The dystopian movies such as “The Terminator,” and even this year’s “Ex Machina” highlight the potential downside of Artificial Intelligence (AI) and how machines and people might get along (or not get along) in the future. One thing is for sure, though, is that advanced machine learning and automation is here and now, and businesses need to begin to leverage the possibilities for good.
In the 2014 book “The Second Machine Age,” authors Erik Brynljolfsson and Andrew McAfee tell the story of how quickly computers and machine learning are evolving. They tell in detail the story of IBM’s Watson computer and its trials over several years trying to beat a human challenger at Jeopardy. The human competitors, Brad Rutter and Ken Jennings, were certainly formidable ones. In fact, Jennings had won a record seventy-four times in a row in 2004. What is highlighted in this story is just how far AI has come in just a few years. In fact, as the book reports, “In December 2006, shortly after the project started, when Watson was tuned to try to answer 70 percent of the time…it was only able to come up with the right response approximately 15 percent of the time. Jennings, in sharp contrast, answered about 90 percent of questions correctly in games when he buzzed in first.”
But Watson kept learning and kept improving with the efforts of the IBM team, though by 2010 it still had only improved to answering 85% correctly, not quite enough to beat Jennings. Yet, Watson still kept playing and learning and by the time of the match against Rutter and Jennings in 2011, it trounced them both! The book summarizes the outcome: “Jennings, who came in second, added a personal note on his answer to the tournament’s final question: ‘I for one welcome our new computer overlords. Just as factory jobs were eliminated in the twentieth century by new assembly-line robots, Brad and I were the first knowledge-industry workers put out of work by the new generation of ‘thinking’ machines. ‘Quiz show contestant’ may be the first job made redundant by Watson, but I’m sure it won’t be the last.’”
The business world must learn from “The Second Machine Age” that we need to move faster than ever to stay relevant to our customers and ahead of our competitors.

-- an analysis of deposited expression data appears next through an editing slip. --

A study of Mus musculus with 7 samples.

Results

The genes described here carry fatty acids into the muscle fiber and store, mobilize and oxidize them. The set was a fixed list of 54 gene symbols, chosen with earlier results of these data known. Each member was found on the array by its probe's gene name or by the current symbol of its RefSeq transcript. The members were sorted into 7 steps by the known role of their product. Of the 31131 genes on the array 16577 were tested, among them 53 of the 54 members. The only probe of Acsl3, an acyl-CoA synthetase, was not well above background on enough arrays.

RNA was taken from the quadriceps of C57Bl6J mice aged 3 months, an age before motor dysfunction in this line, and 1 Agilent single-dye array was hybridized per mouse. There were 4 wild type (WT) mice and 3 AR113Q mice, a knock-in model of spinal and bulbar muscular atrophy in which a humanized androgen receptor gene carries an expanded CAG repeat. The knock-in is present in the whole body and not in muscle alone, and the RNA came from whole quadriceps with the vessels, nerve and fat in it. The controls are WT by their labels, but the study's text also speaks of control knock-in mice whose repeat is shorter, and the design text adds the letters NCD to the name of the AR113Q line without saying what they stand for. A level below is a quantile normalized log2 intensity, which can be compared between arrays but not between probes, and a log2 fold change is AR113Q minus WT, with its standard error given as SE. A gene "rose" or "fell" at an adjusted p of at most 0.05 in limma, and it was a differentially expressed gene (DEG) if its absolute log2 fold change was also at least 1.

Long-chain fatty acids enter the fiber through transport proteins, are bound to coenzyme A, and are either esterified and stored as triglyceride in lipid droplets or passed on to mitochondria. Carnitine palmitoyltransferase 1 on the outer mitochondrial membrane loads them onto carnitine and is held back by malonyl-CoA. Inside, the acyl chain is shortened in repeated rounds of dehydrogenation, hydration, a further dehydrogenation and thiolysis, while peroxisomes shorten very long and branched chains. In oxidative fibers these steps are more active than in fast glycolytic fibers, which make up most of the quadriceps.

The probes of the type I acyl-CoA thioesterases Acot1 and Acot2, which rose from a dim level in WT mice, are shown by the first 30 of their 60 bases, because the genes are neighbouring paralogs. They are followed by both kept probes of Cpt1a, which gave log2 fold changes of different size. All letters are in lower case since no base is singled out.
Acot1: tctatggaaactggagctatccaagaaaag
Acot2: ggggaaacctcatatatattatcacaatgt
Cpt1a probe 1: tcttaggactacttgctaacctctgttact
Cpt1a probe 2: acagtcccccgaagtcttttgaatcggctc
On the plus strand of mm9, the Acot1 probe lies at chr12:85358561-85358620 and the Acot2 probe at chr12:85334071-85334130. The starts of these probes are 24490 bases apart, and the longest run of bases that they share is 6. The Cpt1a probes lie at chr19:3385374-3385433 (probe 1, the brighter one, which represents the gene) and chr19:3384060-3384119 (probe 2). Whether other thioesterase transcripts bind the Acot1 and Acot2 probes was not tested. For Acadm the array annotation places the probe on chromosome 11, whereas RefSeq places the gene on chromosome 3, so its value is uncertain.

Most of us know intuitively that we should be doing more to take advantage of technology to automate, optimize and reduce costs, yet we often don’t take advantage of the immense new tools available, or move too slowly to apply them.
In our recent “Manufacturing Commerce & Technology 2020” survey, we learned that 56% of US Manufacturers believe more than half of their orders will be done via eCommerce by 2020, yet offline methods such as Phone, Fax and Sales Reps still top the go-to-market tactics for many organizations. There is a real chance to fall behind here, though, and fall behind quickly. The early adopters of eCommerce are already doing a lion’s share of their orders online, and the number of manufacturers planning to do more than 90% of their orders online will triple by 2020.
How to prepare your Organization:
- Seek out new technologies that automate your work, improve your access to data, reduce your costs, and improve your customer experience. Often these can be found in the same place. Think of any processes you have today that involve both offline and online processes — or a mix of manual and machine. Chances are it can be automated, saving both time and money, while also reducing errors and making your customers happier.
- Modernize. Move your software to the Cloud. The days of hosting all of your own software and systems are over. Your organization will improve security and reduce costs by moving to the cloud. A recent study by NTT Communications showed that the Cloud has 50% more scalability, 47% lower capital expenses and 45% lower operating expenses than running these technologies in house.
- Seek a “Best-of-Breed” approach. Modern API’s enable you to avoid having to pick just a single software suite to solve your business challenges. You can connect all of the best systems via an API, whether they’re eCommerce, PIM, CMS, CRM, ERP or analytics systems – you can connect them with a modern eCommerce system like Four51’s OrderCloud and solve your exact and unique needs. In fact, this is rapidly becoming a best practice. Gartner reports that by 2018, more than 50% of commerce sites will integrate technologies from more than 15 vendors to deliver a digital customer experience.